BROWNWOOD, Texas -- When the side door opened to the First United Methodist Church of Brownwood after more than an hour service celebrating the life of Shannon Stone, uniformed firefighters wearing white gloves began to line the path leading from the door to the street where a Brownwood Fire Department ladder truck waited.
A stream of firefighters and emergency medical support personnel slowly followed and formed straight lines six deep behind the firefighters. Fellow mourners began to trickle out of the church and assume spots on the lawn to stand and silently wait under a blazing midday sun.
Across the street, about 60 fire trucks and emergency vehicles from Brownwood and points beyond -- Dallas, Arlington, Aledo, Houston, Conroe, Gorman, Eastland Rising Star and Comanche, to name a few -- were lined up in the Brownwood High School parking lot, ready to form what would be a mile-long procession on the eight-mile trek to the cemetery.
Finally, the church door opened again. Led by a bagpiper punctuating the hot, still air, six Brownwood firefighters, three on each side, carried the wooden casket and gently placed it into the back of the fire engine that would escort Stone -- a husband, father, firefighter and lifelong baseball fan -- to his final resting place.
As the fire engine began to roll forward, Stone's wife Jenny and his 6-year-old son, Cooper, walked hand-in-hand. Just five days ago, the young boy, wearing a red jersey and a brand new baseball glove, watched his dad fall 20 feet over the railing from their left-field bleacher seats at Rangers Ballpark in Arlington onto the concrete beyond the outfield wall.
For the firemen and police officers among the approximately 1,000 mourners that attended the service, the scene had all the markings of a funeral they've attended before given their line of work.
This looked and felt like one of those times, a fellow firefighter killed in the line duty.
And for all the days that Stone, 39, had put his life in jeopardy as a civil servant over the past 18 years, it certainly could have been. But for one of life's most innocent and enduring pursuits for a father and son to have been Stone's final day is and forever will be unfathomable.
"I know for this community it will always be just kind of a mind-boggling thing," said Luke Kilmartin, a 23-year-old Brownwood resident who attended the service and works at a fitness center where many of the firefighters train. "To lose someone regardless of how they're lost is always a tragedy and nothing less, but it's to know how we get to remember him and it's to know how we get to recognize him and his family and to support them and to love them and to watch Jenny and Cooper continue to push on."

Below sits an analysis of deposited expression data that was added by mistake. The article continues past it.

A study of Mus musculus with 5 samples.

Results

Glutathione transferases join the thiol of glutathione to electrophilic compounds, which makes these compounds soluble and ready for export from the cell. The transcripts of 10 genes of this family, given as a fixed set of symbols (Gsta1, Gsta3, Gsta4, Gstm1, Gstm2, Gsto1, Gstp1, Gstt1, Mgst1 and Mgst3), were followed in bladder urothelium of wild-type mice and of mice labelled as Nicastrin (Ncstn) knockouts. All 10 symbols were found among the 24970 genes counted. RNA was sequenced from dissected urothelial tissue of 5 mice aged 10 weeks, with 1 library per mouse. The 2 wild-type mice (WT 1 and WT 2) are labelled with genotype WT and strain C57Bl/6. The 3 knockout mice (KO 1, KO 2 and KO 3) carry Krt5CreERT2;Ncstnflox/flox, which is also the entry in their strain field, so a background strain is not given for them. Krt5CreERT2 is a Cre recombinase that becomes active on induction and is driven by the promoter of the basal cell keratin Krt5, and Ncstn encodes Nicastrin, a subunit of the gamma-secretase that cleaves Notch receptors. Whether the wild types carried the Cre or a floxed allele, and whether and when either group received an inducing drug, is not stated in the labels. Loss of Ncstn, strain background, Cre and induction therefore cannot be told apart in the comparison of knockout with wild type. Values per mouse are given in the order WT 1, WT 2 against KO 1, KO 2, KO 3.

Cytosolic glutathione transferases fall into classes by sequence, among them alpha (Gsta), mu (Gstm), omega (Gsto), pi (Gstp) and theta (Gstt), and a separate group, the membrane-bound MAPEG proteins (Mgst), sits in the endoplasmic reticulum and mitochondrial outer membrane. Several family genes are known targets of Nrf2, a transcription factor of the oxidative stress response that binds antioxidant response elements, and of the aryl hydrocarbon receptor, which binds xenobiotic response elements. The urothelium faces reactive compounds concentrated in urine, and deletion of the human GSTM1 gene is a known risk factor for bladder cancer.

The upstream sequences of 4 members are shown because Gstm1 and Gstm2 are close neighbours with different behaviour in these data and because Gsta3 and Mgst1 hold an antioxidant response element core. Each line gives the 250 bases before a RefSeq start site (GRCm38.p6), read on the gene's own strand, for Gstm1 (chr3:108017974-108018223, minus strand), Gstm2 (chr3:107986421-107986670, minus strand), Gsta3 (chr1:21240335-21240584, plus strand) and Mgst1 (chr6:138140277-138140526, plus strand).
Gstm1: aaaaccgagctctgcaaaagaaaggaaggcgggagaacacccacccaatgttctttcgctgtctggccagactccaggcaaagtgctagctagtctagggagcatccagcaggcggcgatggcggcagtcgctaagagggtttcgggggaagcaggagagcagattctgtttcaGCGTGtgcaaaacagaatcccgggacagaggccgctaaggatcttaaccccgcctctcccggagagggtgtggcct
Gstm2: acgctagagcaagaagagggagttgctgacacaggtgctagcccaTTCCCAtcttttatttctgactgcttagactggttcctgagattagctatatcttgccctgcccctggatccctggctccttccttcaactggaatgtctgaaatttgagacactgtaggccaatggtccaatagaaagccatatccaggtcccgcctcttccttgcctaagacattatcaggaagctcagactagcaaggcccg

The family did not permit media into the church service or the cemetery, but those who attended told of an uplifting service, one that touched on Stone's love for his family, his inseparable bond with Cooper, his sense of humor, his love of life and his passion for baseball.
Texas Rangers president Nolan Ryan relayed to 103.3 FM's Galloway and Company on Monday that he attended the service. He said he was struck by how well Stone was liked and respected in the community.
But as much as Stone's love of baseball was the theme, the Rangers and that fateful day were hardly mentioned, if at all, witnesses to the service said.
Johnson County Sheriff Sgt. Ron Russek II knew Stone since 1990. He worked with Stone's dad Al, a retired police officer with the Cleburne Police Department, and then Stone's brother Chad, a former dispatcher with the Johnson County Sheriff's Department.
Russek is also a baseball fan and knows Rangers Ballpark well, having also worked there on occasion as a freelance photographer for a couple of news agencies.
He had heard about the accident after it happened on Thursday as he tuned in and out of the news, but he did not hear a name. It wasn't until the following day that he heard the fallen firefighter was Shannon Stone.
Russek, a father of two daughters and a son, all of whom he's taken to Rangers games over the years, didn't finish his thought before shifting to his own early memories of attending baseball games with his dad.
"I was born and raised in L.A., so we had season tickets to the Dodgers," Russek said. "And I know our ritual type of thing, we'd get our [frozen chocolate] malts and when it was hard and you had to wait for it to melt a little bit, you'd [draw] like a little infield in there [with the wooden spoon]. Brother and I and sister, and dad took us to those games.
"That's what I'm relating to when I see this. I'm like, how horrific regardless of who it is. And it's the next day that [I saw on the news] his name, and I'm like, 'Oh wow, this is more than just horrific, I know him.'"
That's what an entire nation is relating to today as the community of Brownwood came together to say goodbye to Shannon Stone and wrap their arms around his wife Jenny and his young, adoring son Cooper.
Hopefully, Cooper can again make baseball a part of his life. Hopefully, he can continue to cheer for his favorite player, Josh Hamilton, whose toss up to Stone in the bleachers after a routine, second-inning foul ball resulted in this incomprehensible tragedy.
And hopefully, one day when Cooper is a dad, he'll be able to take a son or daughter and delight in a trip to the old ballpark.
Jeff Caplan is a reporter for ESPNDallas.com.